Brits abroad; in the spotlight of many a TV show, internet forum or news report— more than likely, for all the wrong reasons. Meeting fellow Brits in foreign lands could be a refreshing opportunity to share missed English humour, be inspired by others’ travel successes or exchange top tips but the embarrassing truth is that the Johnny Vegas –a- la- Benidorm types are much more conspicuous than the Michael Paliners.
The good go fairly unnoticed; blending in to the habitat by learning the lingo or doing as the Romans do and letting their British habits take a back seat – the few home traditions that can’t be shifted are still no obstacle to embracing the inherited culture. Good Brits befriend more locals than fellow tourists and hit the party scene in style; dancing the night away until the music stops rather than the self-control. Ring any bells?
The bad Brits are those who make little effort in acculturation; the two-way cultural exchange is forgotten as the expatriate communities, fleeing the island in search of sun, sea and sand, bring all that is British with them. TV channels, regular imports of favourite food from visiting family, English written papers and magazines, and radio broadcast from abroad with English presenters. The expats came, they saw and then they conquered a community, with their beauty salons, English tearooms and Irish bars removing almost all traces of the original culture whilst creating an exotic Blighty. Oblivious to what is going on around them, cultural events and bank holidays, they stick with the befriended fellow expats and wonder why things pass them by. The worst of the lot, dare I say it, are the older generations who, having retired to the idyllic location years ago, still insist on getting by with the three words they have bothered to memorise accompanied by bellowed English. Do they assume that locals who were born and raised in their chosen location should learn English, just to ease their adaptation to a holiday lifestyle in the sun? If the shoe were on the other foot…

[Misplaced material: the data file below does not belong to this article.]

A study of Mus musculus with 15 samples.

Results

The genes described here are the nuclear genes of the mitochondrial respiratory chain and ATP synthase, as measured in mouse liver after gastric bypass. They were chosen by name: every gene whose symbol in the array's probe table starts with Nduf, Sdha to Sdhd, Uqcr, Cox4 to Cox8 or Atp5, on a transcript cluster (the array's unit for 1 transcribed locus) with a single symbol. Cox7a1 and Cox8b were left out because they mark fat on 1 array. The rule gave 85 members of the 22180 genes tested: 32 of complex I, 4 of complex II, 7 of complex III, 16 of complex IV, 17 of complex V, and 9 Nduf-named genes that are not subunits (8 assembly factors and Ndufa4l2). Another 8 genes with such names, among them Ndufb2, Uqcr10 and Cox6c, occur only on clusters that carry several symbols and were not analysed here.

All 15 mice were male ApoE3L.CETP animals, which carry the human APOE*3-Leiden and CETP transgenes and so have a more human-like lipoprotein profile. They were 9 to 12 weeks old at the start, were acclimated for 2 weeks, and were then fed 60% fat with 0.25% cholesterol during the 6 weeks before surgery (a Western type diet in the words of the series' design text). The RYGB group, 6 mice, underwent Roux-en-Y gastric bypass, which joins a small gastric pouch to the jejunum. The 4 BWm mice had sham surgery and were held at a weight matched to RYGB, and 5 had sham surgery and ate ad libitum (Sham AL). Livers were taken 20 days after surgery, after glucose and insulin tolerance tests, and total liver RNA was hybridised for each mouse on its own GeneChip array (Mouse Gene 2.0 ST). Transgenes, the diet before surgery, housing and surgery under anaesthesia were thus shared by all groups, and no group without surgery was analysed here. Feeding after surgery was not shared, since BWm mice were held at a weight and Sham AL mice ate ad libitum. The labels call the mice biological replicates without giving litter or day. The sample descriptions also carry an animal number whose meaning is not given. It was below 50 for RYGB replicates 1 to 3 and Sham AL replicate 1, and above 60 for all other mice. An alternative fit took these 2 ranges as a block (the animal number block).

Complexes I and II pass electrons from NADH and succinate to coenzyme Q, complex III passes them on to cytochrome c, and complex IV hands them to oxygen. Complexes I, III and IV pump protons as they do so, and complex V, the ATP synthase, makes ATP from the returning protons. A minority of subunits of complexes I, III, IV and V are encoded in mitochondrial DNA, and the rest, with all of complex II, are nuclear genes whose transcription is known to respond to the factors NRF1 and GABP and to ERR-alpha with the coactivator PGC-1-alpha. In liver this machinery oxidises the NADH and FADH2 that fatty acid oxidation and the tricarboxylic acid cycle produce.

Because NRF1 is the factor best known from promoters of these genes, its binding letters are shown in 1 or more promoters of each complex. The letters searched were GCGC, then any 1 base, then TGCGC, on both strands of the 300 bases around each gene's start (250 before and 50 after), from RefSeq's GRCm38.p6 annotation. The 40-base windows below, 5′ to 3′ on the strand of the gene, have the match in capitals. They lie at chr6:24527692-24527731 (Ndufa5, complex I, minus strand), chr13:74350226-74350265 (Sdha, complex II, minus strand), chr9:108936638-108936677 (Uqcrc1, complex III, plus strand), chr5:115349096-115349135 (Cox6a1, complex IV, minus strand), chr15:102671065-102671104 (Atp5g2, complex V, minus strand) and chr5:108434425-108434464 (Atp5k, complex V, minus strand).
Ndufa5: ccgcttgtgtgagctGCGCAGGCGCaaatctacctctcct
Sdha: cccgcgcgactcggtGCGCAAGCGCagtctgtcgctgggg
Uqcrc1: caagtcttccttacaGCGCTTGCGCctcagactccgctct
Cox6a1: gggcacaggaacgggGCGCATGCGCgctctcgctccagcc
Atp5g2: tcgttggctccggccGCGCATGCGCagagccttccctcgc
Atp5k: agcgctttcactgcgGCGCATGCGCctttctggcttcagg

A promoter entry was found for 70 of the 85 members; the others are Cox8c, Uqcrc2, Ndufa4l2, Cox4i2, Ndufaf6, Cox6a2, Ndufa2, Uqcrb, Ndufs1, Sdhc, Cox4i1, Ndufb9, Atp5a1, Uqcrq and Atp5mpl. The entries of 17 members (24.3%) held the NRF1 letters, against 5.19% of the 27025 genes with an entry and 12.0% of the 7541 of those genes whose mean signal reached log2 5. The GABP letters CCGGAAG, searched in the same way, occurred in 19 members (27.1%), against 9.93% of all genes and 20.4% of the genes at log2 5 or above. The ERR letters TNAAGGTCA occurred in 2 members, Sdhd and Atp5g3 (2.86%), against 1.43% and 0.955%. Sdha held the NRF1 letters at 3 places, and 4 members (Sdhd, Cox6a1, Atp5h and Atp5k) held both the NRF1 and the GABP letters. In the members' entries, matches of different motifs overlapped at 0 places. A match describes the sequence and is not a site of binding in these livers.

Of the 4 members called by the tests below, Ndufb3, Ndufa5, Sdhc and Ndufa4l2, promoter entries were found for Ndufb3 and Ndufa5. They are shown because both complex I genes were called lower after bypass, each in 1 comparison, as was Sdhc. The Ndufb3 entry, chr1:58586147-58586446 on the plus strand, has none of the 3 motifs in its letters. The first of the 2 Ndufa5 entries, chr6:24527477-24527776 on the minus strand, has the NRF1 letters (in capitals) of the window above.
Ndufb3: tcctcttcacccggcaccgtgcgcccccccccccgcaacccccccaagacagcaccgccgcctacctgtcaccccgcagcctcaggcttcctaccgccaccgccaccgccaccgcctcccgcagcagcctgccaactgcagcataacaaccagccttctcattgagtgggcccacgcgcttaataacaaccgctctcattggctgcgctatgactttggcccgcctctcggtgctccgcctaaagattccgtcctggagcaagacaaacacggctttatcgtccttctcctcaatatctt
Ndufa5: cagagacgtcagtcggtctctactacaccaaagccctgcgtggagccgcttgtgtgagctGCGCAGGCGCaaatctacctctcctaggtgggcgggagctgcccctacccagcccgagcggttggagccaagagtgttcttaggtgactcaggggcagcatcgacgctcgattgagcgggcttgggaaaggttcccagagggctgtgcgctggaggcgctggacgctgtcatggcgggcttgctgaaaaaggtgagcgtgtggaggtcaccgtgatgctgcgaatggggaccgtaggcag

The ugly. Ignoring the aesthetics (although half naked lobsters and ankle socks teamed with those Grandad sandals are cringe-worthy eyesores) the ugliest characteristic of Britons is their notorious behaviour. Shrieking girls on Hen do train wrecks, Club 18-30 crowds on a mission to fill up their little black books – ending up with more antibiotic prescriptions than phone numbers—and lads competing with ladettes in a marathon of boozing, stripping, vomiting, passing out then sleeping it off and sweating it out on sun beds before starting the race all over again. Doesn’t it make you proud to be British?